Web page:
For anyone who has ever felt like they don't belong, Sigh, Gone shares an irreverent, funny, and moving tale of displacement and assimilation woven together with poignant themes from beloved works of classic literature.
In 1975, during the fall of Saigon, Phuc Tran immigrates to America along with his family. By sheer chance they land in Carlisle, Pennsylvania, a small town where the Trans struggle to assimilate into their new life. In this coming-of-age memoir told through the themes of great books such as The Metamorphosis, The Scarlet Letter, The Iliad, and more, Tran navigates the push and pull of finding and accepting himself despite the challenges of immigration, feelings of isolation, and teenage rebellion, all while attempting to meet the rigid expectations set by his immigrant parents.
Appealing to fans of coming-of-age memoirs such as Fresh Off the Boat, Running with Scissors, or tales of assimilation like Viet Thanh Nguyen's The Displaced and The Refugees, Sigh, Gone explores one man’s bewildering experiences of abuse, racism, and tragedy and reveals redemption and connection in books and punk rock. Against the hairspray-and-synthesizer backdrop of the ‘80s, he finds solace and kinship in the wisdom of classic literature, and in the subculture of punk rock, he finds affirmation and echoes of his disaffection. In his journey for self-discovery Tran ultimately finds refuge and inspiration in the art that shapes—and ultimately saves—him.
APPLE BOOKS REVIEW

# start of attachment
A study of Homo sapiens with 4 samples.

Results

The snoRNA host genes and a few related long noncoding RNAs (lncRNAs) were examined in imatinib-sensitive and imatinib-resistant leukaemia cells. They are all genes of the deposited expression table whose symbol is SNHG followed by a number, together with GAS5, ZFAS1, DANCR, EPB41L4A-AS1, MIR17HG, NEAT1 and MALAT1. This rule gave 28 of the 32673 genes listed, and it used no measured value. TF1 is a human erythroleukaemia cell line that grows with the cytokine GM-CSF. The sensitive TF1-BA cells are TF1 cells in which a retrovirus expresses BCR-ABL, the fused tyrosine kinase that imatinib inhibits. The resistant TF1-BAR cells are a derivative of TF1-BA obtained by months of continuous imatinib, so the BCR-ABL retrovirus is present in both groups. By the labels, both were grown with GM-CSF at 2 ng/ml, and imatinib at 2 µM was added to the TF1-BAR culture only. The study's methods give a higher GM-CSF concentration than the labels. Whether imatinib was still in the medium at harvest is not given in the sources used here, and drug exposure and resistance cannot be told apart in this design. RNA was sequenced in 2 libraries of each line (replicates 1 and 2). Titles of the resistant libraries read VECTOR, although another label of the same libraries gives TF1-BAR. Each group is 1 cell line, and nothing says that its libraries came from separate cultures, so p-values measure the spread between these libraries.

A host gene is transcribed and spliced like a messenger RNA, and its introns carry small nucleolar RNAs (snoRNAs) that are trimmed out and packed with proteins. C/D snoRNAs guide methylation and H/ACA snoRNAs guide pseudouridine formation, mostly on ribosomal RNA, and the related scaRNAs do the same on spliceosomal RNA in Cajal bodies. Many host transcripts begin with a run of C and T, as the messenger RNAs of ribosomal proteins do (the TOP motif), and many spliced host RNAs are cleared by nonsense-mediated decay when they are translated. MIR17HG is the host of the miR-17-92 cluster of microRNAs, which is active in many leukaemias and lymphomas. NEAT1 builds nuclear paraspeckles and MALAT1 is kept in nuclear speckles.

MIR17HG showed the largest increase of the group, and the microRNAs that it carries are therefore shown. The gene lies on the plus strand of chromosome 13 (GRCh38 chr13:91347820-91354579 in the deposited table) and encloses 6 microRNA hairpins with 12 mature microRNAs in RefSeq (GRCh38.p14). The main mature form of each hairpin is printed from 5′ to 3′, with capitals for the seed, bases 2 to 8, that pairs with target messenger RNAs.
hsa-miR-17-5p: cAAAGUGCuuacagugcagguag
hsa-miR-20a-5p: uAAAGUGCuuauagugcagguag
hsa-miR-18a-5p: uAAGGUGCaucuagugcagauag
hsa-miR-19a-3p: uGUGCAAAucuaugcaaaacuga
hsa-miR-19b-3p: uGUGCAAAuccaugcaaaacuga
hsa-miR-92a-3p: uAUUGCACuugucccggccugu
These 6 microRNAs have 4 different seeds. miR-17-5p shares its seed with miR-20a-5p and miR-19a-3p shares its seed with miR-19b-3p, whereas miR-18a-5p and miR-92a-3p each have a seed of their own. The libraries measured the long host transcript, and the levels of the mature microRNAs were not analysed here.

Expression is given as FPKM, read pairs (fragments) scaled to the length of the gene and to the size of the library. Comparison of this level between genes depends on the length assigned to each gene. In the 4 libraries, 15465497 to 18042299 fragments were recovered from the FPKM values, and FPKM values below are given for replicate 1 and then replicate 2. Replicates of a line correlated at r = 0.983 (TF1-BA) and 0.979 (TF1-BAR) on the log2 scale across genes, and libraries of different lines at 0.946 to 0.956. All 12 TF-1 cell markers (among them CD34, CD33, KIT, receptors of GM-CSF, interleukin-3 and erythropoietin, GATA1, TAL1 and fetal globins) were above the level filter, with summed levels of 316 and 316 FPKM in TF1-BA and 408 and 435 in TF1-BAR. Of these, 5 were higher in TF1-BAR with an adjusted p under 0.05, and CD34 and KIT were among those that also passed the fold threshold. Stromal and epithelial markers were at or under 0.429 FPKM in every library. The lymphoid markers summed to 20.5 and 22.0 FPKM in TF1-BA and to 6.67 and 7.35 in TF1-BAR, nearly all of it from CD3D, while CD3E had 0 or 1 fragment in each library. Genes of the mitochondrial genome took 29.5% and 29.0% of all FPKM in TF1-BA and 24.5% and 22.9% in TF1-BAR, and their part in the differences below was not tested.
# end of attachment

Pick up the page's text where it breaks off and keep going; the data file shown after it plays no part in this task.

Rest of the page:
When Phuc Tran’s family fled Vietnam as refugees, they escaped the dangers of war. But a different battle awaited young Phuc as his family settled into their new life in the small community of Carlisle, Pennsylvania. Tran’s memoir recounts his youth as the only Vietnamese kid in town—it’s tragic, funny, frightening, and wildly entertaining. Subjected to constant racist bullying, Tran tries hard to assimilate into white culture, which means (among other things) reading all the great works of Western literature. But something incredible happens as he embarks on this plan: He falls in love with books. We were transfixed by Tran’s relatable stories of seeking acceptance amongst the cliques of his ’80s high school, where he eventually finds his place in a tight-knit group of punk rock skater kids. And we were floored by Tran’s talent for weaving the themes of prominent classics into his personal story: He peppers the story of a betrayal by his abusive father with references to The Metamorphosis, while comparing his academic woes to the complexities of The Iliad. This inimitable blend of highbrow references and street-smart punk attitude makes Sigh, Gone a fresh and invigorating read.
This high-impact, emotional memoir about growing up in a Vietnamese immigrant family refracts the author's angry adolescence through a prism of classic literature. Tran, now a high school Latin teacher, escaped the collapse of South Vietnam in 1975. One of the only Asian kids in the blue-collar town of Carlisle, Pa., Tran felt like an outsider. Falling in with "a wolfpack" of punk skaters partially satisfied his desire for belonging. But discovering Clifton Fadiman's The Lifetime Reading Plan, with its lists of must-read books Crime and Punishment, Madame Bovary, The Autobiography of Malcolm X sparked his imagination. Books also provided Tran a refuge from the gap between himself and his parents, who he portrays in colorfully unsparing terms, from his mother's "muscular, if simple, Catholicism" to his father's habit of beating him with a metal rod scavenged from the garbage: "American efficiency, meet Vietnamese ingenuity." Being well-read for Tran signified "the promise of acceptance and connection and prestige," and by book's end he enters adulthood as his own person and not just as an immigrant or rebel. Filled with euphoric flights of discovery, this complex and rewarding story of a book-enriched life vividly illustrates how literature can serve as a window to a new life.